Arts center funds denied

CA board refuses money for HCC to help pay for Horowitz Center


When Howard Community College officials approached the Columbia Association board of directors last spring for help in construction of the college's new performing and visual arts center, they got a mixed reception.

Some board members favored a contribution, seeing it as a way to strengthen the community's relationship with the college and support the arts. But others worried that such generosity would add to the homeowner association's multi-million dollar debt.

In the end, fiscal concerns took precedence as the association's governing body decided to turn down a proposed $200,000 contribution for the Peter & Elizabeth Horowitz Visual and Performing Arts Center.

"I look at HCC as a government body because it's part of the public education system and it's funded through taxes," said Miles Coffman, board member representing Hickory Ridge, echoing similar comments from board members and community residents at the Thursday board meeting during which the proposal was rejected. "We have a debt, and by us giving this donation, CA will take on more debt for a public entity that is funded through taxpayers' funds."

Proponents saw the idea as a way for the Columbia Association to show more than just symbolic support for the $20 million facility, which will include an art gallery, recital hall and music and painting studios, that opens at HCC the end of this month.

The center's construction is funded in part by state and local grants, which need to be combined with $5 million from private donations.

In June, Phil Marcus, board member representing Kings Contrivance, suggested that the association give HCC $100,000 from the association's 2007 and 2008 budgets, hoping that the donations would continue over five years. Marcus had said such a donation would strengthen the relationship with Columbia and the arts community.

But the association's external relations committee, which the board assigned the task of weighing the pros and cons of the donation, made a decision this month not to support a donation.

During Thursday's meeting, Marcus, who felt board support for the donation was dwindling, tried to reduce the suggested donation but did not gain any votes.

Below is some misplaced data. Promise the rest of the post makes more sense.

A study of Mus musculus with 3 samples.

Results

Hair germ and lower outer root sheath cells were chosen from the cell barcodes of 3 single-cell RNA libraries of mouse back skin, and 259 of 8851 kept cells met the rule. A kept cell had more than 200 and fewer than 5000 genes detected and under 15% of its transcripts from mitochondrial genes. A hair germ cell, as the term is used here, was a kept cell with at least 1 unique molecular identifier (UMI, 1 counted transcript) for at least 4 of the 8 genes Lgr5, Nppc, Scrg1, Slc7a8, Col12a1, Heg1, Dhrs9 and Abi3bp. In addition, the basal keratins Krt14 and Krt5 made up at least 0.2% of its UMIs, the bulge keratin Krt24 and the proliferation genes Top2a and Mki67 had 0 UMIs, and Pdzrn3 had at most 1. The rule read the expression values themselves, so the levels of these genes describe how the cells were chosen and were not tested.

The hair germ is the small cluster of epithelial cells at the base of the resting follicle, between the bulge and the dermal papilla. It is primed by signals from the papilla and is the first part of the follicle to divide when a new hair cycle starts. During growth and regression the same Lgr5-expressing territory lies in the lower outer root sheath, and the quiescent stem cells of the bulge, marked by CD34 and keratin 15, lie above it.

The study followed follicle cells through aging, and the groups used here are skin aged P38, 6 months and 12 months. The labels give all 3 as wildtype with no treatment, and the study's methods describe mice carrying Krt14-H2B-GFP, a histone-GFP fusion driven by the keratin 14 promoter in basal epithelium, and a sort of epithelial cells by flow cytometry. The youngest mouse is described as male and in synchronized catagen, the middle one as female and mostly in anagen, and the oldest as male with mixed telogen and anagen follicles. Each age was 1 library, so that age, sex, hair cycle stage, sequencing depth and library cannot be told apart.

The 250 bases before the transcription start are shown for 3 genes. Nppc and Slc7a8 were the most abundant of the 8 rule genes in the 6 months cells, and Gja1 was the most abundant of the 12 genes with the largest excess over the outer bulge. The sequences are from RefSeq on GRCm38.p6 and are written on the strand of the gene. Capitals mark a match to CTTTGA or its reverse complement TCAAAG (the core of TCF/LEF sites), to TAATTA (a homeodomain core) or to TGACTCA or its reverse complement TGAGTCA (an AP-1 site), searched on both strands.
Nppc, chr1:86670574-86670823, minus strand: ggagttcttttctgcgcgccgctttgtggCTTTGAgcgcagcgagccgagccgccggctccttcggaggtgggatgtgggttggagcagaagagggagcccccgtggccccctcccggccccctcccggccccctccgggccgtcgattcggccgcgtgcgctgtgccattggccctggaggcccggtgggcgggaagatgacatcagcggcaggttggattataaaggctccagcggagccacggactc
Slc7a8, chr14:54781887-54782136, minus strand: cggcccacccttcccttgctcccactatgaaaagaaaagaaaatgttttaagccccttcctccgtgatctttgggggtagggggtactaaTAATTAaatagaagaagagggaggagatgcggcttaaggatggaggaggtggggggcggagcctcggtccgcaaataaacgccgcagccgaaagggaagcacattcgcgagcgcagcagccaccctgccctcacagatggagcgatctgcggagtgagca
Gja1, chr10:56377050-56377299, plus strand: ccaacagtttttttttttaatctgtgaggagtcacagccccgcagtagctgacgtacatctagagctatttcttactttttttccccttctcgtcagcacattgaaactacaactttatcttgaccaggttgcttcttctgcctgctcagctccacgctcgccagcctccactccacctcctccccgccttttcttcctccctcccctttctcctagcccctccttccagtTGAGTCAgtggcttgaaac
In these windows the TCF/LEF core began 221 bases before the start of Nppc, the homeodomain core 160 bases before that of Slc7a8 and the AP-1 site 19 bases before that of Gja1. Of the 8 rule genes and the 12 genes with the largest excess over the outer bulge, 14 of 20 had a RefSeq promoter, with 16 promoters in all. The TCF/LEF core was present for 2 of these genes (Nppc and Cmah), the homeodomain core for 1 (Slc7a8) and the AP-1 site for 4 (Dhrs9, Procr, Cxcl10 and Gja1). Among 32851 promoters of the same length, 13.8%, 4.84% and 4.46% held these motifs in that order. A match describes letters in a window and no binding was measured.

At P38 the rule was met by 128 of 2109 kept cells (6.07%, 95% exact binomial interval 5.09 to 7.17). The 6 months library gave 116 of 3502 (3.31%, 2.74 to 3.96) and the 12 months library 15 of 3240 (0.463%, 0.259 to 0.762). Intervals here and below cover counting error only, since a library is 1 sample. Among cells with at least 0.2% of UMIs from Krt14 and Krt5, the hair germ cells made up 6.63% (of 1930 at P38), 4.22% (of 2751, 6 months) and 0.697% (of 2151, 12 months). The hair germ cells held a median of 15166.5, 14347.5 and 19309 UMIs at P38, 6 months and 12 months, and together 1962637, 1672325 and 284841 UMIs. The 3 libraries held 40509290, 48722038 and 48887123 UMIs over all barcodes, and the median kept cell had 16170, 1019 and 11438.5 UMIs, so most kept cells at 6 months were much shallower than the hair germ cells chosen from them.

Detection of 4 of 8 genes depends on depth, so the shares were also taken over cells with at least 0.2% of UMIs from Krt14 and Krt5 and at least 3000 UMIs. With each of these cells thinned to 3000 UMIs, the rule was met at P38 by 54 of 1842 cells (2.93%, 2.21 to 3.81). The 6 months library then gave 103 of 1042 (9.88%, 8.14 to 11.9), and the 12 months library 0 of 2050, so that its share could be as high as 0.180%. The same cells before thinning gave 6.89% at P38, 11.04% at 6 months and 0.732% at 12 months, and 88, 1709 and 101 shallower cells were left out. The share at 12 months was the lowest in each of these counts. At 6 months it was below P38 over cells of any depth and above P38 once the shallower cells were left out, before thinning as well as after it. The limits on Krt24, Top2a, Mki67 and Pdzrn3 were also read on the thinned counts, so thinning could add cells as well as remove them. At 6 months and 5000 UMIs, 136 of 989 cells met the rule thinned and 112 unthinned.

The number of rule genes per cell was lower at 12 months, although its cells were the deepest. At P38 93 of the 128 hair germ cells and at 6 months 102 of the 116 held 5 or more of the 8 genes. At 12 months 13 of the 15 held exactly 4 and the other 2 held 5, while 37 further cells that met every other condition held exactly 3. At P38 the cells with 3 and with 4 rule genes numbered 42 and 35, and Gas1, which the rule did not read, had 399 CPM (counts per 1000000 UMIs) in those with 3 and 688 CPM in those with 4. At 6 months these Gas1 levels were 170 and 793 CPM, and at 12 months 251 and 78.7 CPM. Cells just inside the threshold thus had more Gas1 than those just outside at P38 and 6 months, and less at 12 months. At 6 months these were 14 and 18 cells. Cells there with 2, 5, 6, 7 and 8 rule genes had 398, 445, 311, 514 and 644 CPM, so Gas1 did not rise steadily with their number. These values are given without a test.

During Thursday's vote on the $100,000 for the 2007 and 2008 budgets, Marcus was the only board member to vote in favor.

"I felt mystified," Marcus said, after the meeting. "I know what people said, and the reasons for that are all over the lot."

While some board members said they were not in support of donations to the construction, they said they would like to view suggestions for a partnership with HCC, such as creating a fund to support arts for Columbia's underprivileged residents.

Patrick Von Schlag, board member representing River Hill, said he will seek creation of a fund in the 2008 budget to support arts programs as a way to strengthen the arts in Columbia and support the college.

"Ultimately, I think everybody has this notion that CA and HCC should be working together, and we have some of the same needs and objectives," Von Schlag said. "How we go about doing that is a difficult question, and we need to figure out how to do that. This type of arrangement would do that -- give access to the arts and services of Columbia."

Mary Ellen Duncan, HCC's president, said that although the college did not get the donation, she supports a partnership with the association.

"I think we certainty have a better understanding of each others' organization," she said. "They are interested in kinds of deeper relationships and partnerships than we had in the past. I saw creative thinking about how we can partner in the future, and I am very pleased to see the energy and enthusiasm from the board for other projects."